Beginning Digital Painting with Photoshop

Originally Published June 2009

After painting exclusively in Corel Painter for five years, I decided to finally learn how to paint using Photoshop. I found Painter pretty intuitive to learn, since the brushes and papers act very much like their real-world counterparts. Not the case with Photoshop. Without going into a lot of technical detail, here’s a simplified explanation of the difference between brushes in Painter and in Photoshop.

ic:Bronze Dragon (detail) by Keyem Beyit

Painter: The brushes interact with color on the canvas, as in traditional media. Blenders allow you to “smear” pixels around, like a brush or fingertip. Some of the brushes, such as the newer Real Bristle brushes, use computer power to mimic real brush behavior. The downside is that these brushes are often too pokey to use, even on a powerful computer.

Photoshop:The brushes here act like rubber stamps, in that a single bitmap image (the brush tip shape) is repeated over and over rapidly to simulate a brushstroke. Strokes can interact somewhat with colors already on the canvas, by sophisticated use of blending modes, but nowhere to the extent you’ll find in Painter. The “rubber stamp” quality, however, is a great strength when it comes to painting textured surfaces. Photoshop’s blending tools are, surprisingly, not very good.

As you can see, each application has positives and negatives. Indeed, there are artists who use both to create a single painting, getting the best of both worlds. Methods and techniques for painting in Photoshop are quite different from Painter and traditional media, due to the “rubber stamp” method it uses. I spent quite a bit of time searching the web for good Photoshop digital painting tutorials for beginners, and I’ve collected them all below. I wish there were more, but good beginner’s tutorials are rare.

Let’s define terms, before we begin: “digital painting” does not mean photo manipulation, cloning, or paint overs. We’re talking “from scratch” here. A “good tutorial” is, for our purposes here as beginners, one that doesn’t assume anything. Brush settings and methods are explained, not glossed over. Most digital painting “tutorials” are more accurately described as walkthroughs. They explain process and thinking, but not methods and technique in any detail.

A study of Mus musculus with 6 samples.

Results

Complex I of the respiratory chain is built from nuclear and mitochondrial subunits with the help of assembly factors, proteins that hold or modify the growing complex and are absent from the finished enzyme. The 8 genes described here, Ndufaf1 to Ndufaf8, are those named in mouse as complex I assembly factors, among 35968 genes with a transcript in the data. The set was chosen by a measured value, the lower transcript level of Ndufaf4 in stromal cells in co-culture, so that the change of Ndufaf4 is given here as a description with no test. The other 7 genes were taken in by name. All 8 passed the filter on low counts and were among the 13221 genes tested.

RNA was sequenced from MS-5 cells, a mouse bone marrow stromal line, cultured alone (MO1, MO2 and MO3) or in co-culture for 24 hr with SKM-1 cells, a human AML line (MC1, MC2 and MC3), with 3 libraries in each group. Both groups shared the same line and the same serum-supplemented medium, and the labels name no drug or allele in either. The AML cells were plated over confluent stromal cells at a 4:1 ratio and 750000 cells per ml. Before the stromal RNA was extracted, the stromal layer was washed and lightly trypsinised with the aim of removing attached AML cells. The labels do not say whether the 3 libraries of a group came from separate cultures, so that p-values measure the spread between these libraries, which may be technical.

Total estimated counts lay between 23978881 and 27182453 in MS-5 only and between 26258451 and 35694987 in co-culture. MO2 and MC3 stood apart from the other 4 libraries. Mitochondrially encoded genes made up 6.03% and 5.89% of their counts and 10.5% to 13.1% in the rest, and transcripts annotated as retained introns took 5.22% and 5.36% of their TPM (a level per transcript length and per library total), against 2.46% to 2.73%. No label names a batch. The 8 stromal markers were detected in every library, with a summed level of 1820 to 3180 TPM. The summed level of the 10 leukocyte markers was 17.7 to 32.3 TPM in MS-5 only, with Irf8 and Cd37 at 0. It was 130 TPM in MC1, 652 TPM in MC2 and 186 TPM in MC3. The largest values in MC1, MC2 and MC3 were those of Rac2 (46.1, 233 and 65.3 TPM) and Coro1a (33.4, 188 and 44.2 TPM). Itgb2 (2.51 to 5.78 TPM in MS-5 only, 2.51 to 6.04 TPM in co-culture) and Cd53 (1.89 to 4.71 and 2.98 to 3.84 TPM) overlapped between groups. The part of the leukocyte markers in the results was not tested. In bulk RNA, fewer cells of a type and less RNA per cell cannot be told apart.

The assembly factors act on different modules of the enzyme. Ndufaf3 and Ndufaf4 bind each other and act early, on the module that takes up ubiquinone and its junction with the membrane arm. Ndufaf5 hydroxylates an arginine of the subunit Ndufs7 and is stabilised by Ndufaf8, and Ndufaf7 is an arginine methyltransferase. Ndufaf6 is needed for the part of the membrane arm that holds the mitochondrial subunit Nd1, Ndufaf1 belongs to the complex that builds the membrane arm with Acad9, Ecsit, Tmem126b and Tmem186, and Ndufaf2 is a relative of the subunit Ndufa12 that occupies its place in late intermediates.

Now, on to the tutes! I’ve arranged these in order, starting with simplest beginner, and progressing from there. The further down the list you go, generally speaking, the less hand-holding. Enjoy!


Painting Clouds by Steven Stahlberg

Start with this excellent beginner’s tutorial. Begin with clouds before you take on portraits! Note: a “ramp” is a gradient.


The Making of Bronze Dragon by Kerem Beyit

Beyit’s dragons are an Internet sensation, and he has been kind enough to explain his method. You’ll focus on values here, since this is fairly monochromatic, and texturing. Substitute your own brushes for textures. (Need brushes? Check out this post for free Photoshop brushes galore.)

Time out!

We interrupt this list of tutorials in order to make a clarification. It concerns textures and patterns. These are two very different beasts, but sometimes you’ll hear someone refer to a texture when they’re really talking about a pattern. What’s going on here? Let’s see if I can shed some light on this.

In Photoshop, a texture is a small bitmap (though they can be 2500 pixels wide), in greyscale. In both Painter and Photoshop, a pattern is a continuous, infinite image, like a tablecloth that goes on forever. You use various tools in each to spray or brush portions of this pattern/image onto your painting. Painter does not have textures, though, just patterns. Photoshop’s brushes, being bitmaps on the end of a stick, so to speak, are nothing but textures. If you dab with a Photoshop brush, a single copy (like a rubber stamp) appears. If you hold the brush down and move it, a series of stamps appear, looking like a brushstroke. Hopefully the following illustration will make this clear. The top row of three boxes contain patterns. In this case, the patterns are seamless, meaning that there is no line where the edges meet. This allows the pattern to go on forever, though you will notice elements (like in the stones) that repeat regularly. So, patterns are regular. The images below that are brush dabs made with various Photoshop brushes. These are textures. In the dragon tutorial by Kerem Beyit, the texturing is accomplished with custom brushes. I hope this clears things up.

ic:Patterns (top row) and textures (bottom row)


A Digital Painting of Wonder Woman by Roberto Campus

Professional illustrator Roberto Campus shares his method for creating a digital painting in Photoshop. Though this is a bit advanced, the method is explained so well, I wanted to include it here. Great stuff.